Requirements to Become a Veterinarian in the U.S.
Learn about the education and preparation needed to become a veterinarian. Get a quick view of the requirements as well as details about training, licensing and certification to find out if this is the career for you.
Veterinarians provide medical care to animals, particularly pets, zoo animals, livestock and laboratory animals. Along with diagnosing and treating illnesses, veterinarians may work as researchers or help control the spread of disease to humans through food. Becoming a veterinarian generally requires four years of undergraduate school, four years of veterinary school and state licensure. Specialists require additional residency training and board certification.
The first step to becoming a veterinarian in the U.S. is attending undergraduate school. According to the U.S. Bureau of Labor Statistics, or BLS for short, some veterinary colleges require applicants to hold only 45 to 90 undergraduate hours. However, most students enter veterinary school with a bachelor's degree. Whichever undergraduate major students pursue, coursework should focus heavily on the biological and physical sciences, such as chemistry, genetics, microbiology and physiology. Studies in communication, social science, humanities and mathematics may also be beneficial for the transition into veterinary school.
Gaining admittance to veterinary school can be difficult. In the U.S., there are only 30 veterinary schools accredited by the American Veterinary Medical Association's Council on Education as of 2015. The BLS notes that less than 50% of all applicants to veterinary schools were granted admission in 2014.
While specific admissions requirements vary by school, all applicants must take a college admissions test, such as the Graduate Record Examination, or GRE. Most schools require applicants to use the Veterinary Medical College Application Service to apply to school.
After gaining admittance, students complete four years of veterinary school to earn a Doctor of Veterinary Medicine, or D.V.M.. The first two years of veterinary school typically focus on basic science education in the classroom and laboratory. The final two years consist of clinical instruction, allowing students to gain hands-on experience diagnosing and treating animal diseases under the supervision of licensed veterinarians. Fourth-year veterinary students generally focus solely on clinical rotations in animal hospitals and private practices.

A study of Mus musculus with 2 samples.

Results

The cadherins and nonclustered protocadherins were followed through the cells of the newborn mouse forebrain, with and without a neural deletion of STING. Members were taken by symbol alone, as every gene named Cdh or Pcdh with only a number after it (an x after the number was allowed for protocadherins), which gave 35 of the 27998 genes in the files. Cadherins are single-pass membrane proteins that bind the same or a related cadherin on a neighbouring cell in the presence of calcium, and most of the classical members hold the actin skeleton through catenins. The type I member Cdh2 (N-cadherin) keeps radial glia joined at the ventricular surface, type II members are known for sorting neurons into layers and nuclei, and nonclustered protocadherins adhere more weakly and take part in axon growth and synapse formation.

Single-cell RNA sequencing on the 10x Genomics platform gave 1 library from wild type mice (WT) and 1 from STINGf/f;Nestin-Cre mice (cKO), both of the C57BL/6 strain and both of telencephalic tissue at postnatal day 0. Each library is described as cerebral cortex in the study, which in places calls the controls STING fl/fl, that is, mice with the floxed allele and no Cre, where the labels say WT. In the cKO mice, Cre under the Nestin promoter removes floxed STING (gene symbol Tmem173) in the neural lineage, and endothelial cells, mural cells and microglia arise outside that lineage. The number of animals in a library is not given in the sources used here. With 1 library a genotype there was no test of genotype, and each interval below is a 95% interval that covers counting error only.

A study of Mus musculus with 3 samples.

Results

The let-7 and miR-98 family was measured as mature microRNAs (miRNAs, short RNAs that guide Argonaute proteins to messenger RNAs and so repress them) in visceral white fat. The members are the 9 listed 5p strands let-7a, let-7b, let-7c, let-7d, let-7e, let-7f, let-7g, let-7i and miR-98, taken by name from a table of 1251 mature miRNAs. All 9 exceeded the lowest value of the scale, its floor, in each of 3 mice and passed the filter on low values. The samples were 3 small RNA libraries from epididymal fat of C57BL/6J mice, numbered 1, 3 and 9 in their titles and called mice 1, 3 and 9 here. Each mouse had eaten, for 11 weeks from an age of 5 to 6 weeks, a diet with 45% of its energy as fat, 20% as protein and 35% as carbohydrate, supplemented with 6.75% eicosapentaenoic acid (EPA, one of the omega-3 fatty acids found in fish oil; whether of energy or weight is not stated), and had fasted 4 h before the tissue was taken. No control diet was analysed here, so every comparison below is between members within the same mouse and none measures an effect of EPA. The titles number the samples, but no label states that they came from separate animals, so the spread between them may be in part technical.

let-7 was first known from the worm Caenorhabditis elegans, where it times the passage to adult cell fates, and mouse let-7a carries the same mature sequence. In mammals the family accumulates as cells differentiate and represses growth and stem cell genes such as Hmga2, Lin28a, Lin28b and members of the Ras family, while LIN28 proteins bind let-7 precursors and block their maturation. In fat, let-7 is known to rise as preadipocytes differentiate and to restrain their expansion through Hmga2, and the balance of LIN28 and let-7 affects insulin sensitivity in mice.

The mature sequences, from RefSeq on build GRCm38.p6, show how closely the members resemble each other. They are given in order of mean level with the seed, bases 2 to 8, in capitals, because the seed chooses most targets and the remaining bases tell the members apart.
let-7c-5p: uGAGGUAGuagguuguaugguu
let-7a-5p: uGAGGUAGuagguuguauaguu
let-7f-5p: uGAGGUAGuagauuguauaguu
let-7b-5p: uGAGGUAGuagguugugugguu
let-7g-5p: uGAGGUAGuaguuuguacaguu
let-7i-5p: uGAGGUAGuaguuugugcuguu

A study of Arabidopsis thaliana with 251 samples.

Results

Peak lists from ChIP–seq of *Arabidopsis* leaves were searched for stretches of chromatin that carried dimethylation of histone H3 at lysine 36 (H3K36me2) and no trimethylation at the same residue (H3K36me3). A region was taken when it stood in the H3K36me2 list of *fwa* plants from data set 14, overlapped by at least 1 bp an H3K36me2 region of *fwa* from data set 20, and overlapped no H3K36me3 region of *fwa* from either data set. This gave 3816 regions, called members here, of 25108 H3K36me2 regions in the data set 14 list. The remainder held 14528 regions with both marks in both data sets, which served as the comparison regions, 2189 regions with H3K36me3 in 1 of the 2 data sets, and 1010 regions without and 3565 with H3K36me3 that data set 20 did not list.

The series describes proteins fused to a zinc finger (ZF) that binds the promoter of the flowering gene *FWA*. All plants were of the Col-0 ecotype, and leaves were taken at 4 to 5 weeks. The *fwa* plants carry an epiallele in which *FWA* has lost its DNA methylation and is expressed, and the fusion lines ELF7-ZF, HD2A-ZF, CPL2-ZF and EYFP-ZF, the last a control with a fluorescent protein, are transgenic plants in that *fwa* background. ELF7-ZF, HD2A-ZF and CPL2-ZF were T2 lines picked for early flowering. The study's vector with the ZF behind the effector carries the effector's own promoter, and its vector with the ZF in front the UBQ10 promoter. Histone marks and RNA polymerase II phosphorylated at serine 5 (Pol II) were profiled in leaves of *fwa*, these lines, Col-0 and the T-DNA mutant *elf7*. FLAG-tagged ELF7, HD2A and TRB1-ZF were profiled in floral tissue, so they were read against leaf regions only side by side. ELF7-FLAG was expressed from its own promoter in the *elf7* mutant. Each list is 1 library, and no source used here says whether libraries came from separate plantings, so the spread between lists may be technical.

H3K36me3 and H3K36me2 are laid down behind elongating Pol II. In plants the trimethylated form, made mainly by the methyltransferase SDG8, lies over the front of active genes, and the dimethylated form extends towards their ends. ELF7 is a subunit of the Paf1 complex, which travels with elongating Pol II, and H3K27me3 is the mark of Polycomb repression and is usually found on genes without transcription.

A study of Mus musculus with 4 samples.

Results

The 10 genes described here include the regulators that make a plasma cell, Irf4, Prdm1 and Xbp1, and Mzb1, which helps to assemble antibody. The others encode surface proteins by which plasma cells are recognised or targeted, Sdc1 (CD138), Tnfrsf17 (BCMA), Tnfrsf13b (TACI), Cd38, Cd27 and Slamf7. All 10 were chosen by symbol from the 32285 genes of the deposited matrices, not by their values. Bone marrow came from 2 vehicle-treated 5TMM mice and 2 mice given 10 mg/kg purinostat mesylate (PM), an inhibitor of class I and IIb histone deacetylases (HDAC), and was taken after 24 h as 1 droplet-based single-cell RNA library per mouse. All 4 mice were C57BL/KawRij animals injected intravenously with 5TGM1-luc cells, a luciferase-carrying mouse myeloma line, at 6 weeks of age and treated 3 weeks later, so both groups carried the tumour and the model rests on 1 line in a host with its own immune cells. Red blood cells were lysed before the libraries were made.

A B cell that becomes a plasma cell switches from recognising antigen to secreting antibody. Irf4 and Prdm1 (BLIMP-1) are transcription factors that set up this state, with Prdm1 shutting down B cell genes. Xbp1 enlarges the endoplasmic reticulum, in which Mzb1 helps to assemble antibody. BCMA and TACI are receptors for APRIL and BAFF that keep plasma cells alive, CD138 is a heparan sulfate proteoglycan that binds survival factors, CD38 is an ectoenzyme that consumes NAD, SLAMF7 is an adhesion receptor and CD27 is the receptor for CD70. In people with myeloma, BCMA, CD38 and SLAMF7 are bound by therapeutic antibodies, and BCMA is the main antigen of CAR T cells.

All veterinarians in the U.S., except for some state and federal government employees, are required to obtain licensure from their state licensing board. Licensing requirements vary by state, but all boards require applicants to hold a D.V.M. and pass the North American Veterinary Licensing Exam. The exam, which takes eight hours to complete, is comprised of 360 multiple-choice questions. Most states also require licensure applications to pass an examination covering veterinary laws and regulations.
Veterinarians who choose to concentrate in a specialty of veterinary medicine must earn certification through the AVMA American Board of Veterinary Specialties. The AVMA recognizes forty specialties, including internal medicine, surgery, dentistry and pathology. Veterinarians must complete 3 to 4 years of specialty training in an approved residency program to be eligible for certification.
Career and Salary Information
The BLS predicted that veterinarian jobs would increase by 9% from 2014 to 2024, which is faster than average. Veterinarians earn an average yearly salary of $99,000 as of May 2015. The top-paid ten percent of professionals took in $158,260 or more per year, while the bottom-paid ten percent of earners made $53,210 or less annually.